On stage the band looked much more confortable than a few months earlier. Experience was sinking in, Morrissey's voice was more assured and he was more playful and interacted more with his audience. It must be said that he must have been feeding on the energy he got from his audience. People were coming to gigs in greater numbers, many curious to see what the buzz was about, others were already dedicated fans.
New tracks were introduced regularly, as they were written: "Pretty Girls Make Graves" was introduced in August, "This Charming Man" and "Still Ill" were added in September and "This Night Has Opened My Eyes" debuted in October. The latter had actually been played in September on John Peel's programme, but it took a month after that for it to be played on a stage.
The setlist varied in length from 10 to 12 tracks, or slightly less when the band was opening for someone else. When new songs appeared, others were occasionally dropped. "Wonderful Woman" was the first to go. Then "Accept Yourself", "These Things Take Time" or "I Don't Owe You Anything" appeared more sporadically on the setlist. Strangely, as the release of the "This Charming Man" single got closer (it was released at the end of October), its two b-sides, "Wonderful Woman" and "Accept Yourself" were deleted from the setlist.
Here is the number of times each song was performed on this leg, in descending order of frequency. This is based on 13 concerts for which the setlist is known.
Hand In Glove - 25
See here for more tour statistics.
In standard main set closer "Miserable Lie" Morrissey reversed the lines "I know the wind-swept mystical air" and "I recognise that mystical air" in most performances at the time. Until mid-September, "These Things Take Time" was performed with a drum roll intro which would then be lost, particularly when the song would find its way on the "What Difference Does It Make?" single six months down the road. In "These Things Take Time" again, Morrissey sometimes changed one line to "You said I was ill and you were wrong". In "Hand In Glove", instead of singing "but we have something they'll never have", Morrissey often sang "we have something they never had".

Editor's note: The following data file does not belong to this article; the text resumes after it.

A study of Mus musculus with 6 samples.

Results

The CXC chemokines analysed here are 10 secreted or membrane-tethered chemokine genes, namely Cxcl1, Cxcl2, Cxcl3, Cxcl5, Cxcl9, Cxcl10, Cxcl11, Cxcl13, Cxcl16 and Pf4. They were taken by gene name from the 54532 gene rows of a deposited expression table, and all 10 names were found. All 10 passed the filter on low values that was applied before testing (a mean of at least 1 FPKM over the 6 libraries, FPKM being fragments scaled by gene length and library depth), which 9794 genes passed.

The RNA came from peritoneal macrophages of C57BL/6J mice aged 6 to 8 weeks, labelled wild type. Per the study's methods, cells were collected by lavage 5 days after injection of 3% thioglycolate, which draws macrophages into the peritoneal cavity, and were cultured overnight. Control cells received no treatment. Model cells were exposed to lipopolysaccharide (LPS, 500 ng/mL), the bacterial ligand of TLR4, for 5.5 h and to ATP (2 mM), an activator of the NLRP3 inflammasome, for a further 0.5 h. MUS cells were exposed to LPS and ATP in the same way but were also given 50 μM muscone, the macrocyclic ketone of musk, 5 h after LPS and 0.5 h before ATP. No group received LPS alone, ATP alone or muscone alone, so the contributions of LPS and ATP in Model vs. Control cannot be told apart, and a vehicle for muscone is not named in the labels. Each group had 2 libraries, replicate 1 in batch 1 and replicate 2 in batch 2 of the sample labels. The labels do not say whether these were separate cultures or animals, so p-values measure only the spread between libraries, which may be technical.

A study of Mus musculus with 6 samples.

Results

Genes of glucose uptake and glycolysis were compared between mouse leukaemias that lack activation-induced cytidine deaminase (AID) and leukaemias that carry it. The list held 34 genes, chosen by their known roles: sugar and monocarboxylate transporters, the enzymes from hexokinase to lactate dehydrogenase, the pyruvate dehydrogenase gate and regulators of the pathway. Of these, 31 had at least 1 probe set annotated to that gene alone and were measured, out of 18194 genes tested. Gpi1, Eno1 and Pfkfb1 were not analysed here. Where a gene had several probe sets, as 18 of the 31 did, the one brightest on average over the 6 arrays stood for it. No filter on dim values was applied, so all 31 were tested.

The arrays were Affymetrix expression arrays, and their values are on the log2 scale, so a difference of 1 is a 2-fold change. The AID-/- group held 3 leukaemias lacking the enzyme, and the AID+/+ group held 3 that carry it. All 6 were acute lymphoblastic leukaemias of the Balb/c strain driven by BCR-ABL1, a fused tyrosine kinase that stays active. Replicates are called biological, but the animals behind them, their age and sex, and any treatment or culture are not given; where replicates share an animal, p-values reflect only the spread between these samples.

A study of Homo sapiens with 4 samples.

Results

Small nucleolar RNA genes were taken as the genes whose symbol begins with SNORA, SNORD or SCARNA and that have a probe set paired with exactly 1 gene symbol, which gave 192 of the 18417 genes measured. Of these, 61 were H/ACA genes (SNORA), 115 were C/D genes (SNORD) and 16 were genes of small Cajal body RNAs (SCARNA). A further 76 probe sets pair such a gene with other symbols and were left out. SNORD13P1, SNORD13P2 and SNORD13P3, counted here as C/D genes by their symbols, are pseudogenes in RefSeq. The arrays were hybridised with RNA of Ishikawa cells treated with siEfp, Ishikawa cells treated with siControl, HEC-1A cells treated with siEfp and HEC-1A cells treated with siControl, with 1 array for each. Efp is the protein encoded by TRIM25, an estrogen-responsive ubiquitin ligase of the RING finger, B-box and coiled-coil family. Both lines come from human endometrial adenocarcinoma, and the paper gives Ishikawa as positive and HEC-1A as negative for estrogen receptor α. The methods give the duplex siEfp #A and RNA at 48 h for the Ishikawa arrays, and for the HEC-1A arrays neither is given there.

In mid/late September "Accept Yourself" and "Wonderful Woman" were both recorded for eventual release on the upcoming "This Charming Man" single. After that point, both were changed when performed live. In "Accept Yourself", Morrissey yelped twice after the line "Time is against me now" and he more or less stopped doing it after it was recorded. Until "Wonderful Woman" was recorded, Morrissey still sang "Ah answer me, what to be done with her?" instead of "I ask myself, what to be said of her?".
"Still Ill" was probably performed very soon after it was written because with every performance (starting with its debut on 15 September) its lyrics changed sensibly. See individual dates for details. When he was in a playful mood, which happened quite a few times in October, Morrissey sang the words "I really don't know, and I really don't care!" in "Hand In Glove" in a completely different melody. He also yelped here and there and playfully changed the melody or words in certain lines of set closer "You've Got Everything Now". He even sang "No I've never had a job, because I'm too handsome" on a few occasions.
The night of 15 September was also a great one. The band was excellent and early rough versions of "This Charming Man" and "Still Ill" were played. The show is available on the "Catch Us If You Can" bootleg, but again fans might prefer a better sounding alternate recording, this one credited to taper Josef. The song "Wonderful Woman" from this period wasn't played in either of the two concerts mentioned above, but it may not be that interesting to the non-completist who has the song from any recording from June or July (see previous section).
The next best options for collectors of this early period of the Smiths' career are average, good or reasonably good recordings of the following dates: 9 August, 11 August, 19 August, 30 August, 25 September, 30 September, 5 October, 22 October and 28 October. This leaves the 7 August concert for which the recording is below average, although still listenable.
Everything mentioned above is available in digital format on the internet.